Lisa’s Letters Home: Discovering Samphire

Lisa’s Letters Home: Discovering Samphire

It’s greens week here at SPC. I love green things. Give me kale (I’m all over that baked kale stuff, but don’t try to tell me they’re “chips”), spinach, chard, avocado, asparagus, broccoli, beans, any variety of lettuce and the like. My kids, not so much.

They will diligently, with surgical precision, extract anything green from their food. Basil in pasta sauce is eyed with suspicion, with wrinkled noses and a chorus of “What’s THAT?”

“It’s basil.”

“I don’t like bashmill.”

“You haven’t even tried it.”

“I don’t like it. I hate it. I hate bashmill.” [flings basil across the table in disgust]

Needless to say, I haven’t tried pesto on them yet.


So, this will not be a post about the greens my children love because they don’t. At all. This will be about a really lovely green vegetable I discovered from one of the many cooking programmes I watch here in England. I learned about this green while watching Rick Stein, a seafood chef who owns most of culinary Padstow in Cornwall. (“Padstein”, it’s been dubbed.) He prepared something called samphire, which sounds like a faux gem, but it’s a delicious seaside green.

It looks like it should taste like seaweed, but it’s more like salty asparagus. You steam or stir fry it for about 2-3 minutes, dress it in a little oil and seasoning (maybe with a squeeze of lemon) and usually serve it alongside fish. Extremely simple and sometimes found on the shelves of major supermarkets.

If you happen to live near a coastline, samphire can be found free of charge from around June to September. I’ve never actually been foraging because I’m paranoid that I’ll pick up something that looks very much like an edible thing, but turns out to be some sort of deadly fungi. Samphire is something the fishmonger would chuck in with your package of cod, probably treated like the ubiquitous sprig of parsley on dinner plates: thrown away after brief inspection. Now it’s one of those uber trendy side veggies that is a bit tricky to find, but if you can get it, give it a go.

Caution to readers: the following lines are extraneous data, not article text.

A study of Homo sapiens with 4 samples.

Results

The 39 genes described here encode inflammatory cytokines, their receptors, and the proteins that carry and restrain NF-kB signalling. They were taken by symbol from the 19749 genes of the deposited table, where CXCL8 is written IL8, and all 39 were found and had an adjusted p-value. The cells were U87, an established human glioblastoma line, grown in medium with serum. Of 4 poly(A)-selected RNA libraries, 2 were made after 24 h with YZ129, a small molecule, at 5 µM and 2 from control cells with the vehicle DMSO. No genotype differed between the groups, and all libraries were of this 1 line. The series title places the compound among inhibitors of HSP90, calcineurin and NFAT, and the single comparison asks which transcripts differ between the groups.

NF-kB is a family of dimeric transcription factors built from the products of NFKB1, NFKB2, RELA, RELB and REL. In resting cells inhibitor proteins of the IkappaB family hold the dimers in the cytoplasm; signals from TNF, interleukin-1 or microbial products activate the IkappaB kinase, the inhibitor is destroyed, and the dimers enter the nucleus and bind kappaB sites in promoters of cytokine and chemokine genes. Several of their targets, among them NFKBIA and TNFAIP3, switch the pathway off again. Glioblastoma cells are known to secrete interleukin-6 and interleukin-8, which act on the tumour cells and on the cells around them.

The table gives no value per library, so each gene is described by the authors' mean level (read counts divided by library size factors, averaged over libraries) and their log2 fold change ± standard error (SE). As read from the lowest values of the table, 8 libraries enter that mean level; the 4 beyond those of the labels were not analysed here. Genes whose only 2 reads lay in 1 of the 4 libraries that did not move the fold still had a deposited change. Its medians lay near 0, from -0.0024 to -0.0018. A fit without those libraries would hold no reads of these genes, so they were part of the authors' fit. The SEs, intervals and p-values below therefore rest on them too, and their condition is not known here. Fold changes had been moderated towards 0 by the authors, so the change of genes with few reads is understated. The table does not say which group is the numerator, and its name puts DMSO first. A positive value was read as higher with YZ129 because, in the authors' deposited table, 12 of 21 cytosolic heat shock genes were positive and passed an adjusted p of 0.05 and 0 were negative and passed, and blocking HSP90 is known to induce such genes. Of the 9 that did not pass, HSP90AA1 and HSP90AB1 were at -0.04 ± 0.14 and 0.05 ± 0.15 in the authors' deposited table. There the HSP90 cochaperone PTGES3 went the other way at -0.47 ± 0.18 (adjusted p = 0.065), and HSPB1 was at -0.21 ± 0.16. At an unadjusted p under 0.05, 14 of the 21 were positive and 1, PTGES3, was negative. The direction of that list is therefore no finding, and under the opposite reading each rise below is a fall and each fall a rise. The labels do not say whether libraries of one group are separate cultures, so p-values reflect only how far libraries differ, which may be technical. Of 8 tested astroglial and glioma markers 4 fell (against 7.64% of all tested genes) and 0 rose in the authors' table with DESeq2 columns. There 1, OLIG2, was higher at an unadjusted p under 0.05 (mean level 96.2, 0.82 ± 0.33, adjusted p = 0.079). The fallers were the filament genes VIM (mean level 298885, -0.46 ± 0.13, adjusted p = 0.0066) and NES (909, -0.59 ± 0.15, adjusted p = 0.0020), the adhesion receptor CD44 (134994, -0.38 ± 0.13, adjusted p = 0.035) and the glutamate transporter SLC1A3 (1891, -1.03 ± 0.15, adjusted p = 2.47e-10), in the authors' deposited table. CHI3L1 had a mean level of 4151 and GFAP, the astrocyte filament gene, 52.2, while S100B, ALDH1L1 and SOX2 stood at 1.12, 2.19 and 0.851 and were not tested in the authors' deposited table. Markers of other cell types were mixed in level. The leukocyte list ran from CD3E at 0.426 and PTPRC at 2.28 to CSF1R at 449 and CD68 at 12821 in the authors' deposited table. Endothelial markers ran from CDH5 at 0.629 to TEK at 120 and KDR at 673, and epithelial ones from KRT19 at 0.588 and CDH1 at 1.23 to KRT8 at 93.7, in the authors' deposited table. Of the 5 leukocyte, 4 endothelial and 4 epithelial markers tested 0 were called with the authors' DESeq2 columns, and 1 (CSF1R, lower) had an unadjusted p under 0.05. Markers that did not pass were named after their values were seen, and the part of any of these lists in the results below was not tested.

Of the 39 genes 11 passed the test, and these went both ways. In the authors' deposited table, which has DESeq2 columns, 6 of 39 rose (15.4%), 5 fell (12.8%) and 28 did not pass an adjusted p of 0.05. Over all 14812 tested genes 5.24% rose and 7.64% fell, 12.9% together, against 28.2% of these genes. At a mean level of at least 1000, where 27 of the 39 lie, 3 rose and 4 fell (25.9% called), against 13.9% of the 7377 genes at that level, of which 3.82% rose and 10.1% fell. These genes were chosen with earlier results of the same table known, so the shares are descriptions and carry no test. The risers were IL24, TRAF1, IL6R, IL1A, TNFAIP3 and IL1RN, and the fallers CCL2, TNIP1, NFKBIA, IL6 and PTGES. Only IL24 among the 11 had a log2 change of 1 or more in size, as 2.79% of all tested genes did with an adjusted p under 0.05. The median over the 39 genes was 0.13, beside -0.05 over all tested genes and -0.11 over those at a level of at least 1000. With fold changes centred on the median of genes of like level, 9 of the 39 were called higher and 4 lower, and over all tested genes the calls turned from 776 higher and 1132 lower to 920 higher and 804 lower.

You can serve it simply alongside fish, tossed with pasta, or added to omelettes and frittatas. It doesn’t have a particularly strong flavour, but it has a fantastic crunch and freshness. 100 grams of the stuff (about two servings) is a mere 100 calories.

Since it’s the done thing to big up the nutritional prowess of veggies, I’ll mention that it’s rich in iodine and vitamins A, C, B2, B15, amino acids, and minerals, such as iron, calcium and magnesium phosphorus, calcium, silica, zinc, manganese and vitamin D. (Source: Impressive, eh?

I showed a package of it to my kids, which was met with cries of horror and comparisons to alien creatures. These are the same people who have been known to lick shopping trolleys and chew on dog toys. Hardly in a position to get all uppity, if you ask me. We will work on the green stuff (avocado, broccoli, and peas are currently acceptable), but in the meantime, all the more for me.

    May 17, 14:35 Reply

    Apparently it takes an average of 6 attempts to get a child to like a new food. Keep at it!

  2. Julie Crooks
    May 17, 15:34 Reply

    1st, 6th or 17th attempt gets me – “Mum, why do you keep giving me this disgusting stuff – you know I hate it!!” Not with samphire though. or peas.

  3. Rosemary
    May 17, 17:37 Reply

    Too bad about your kids. Mine has started to complain a bit now too. I think it might drive me crazy. I’ll keep an eye out for samphire, though. It looks quite tasty.

  4. Lisa Durbin
    May 18, 03:56 Reply

    I think it’s in their nature to be suspicious about food, but it is very frustrating, I agree.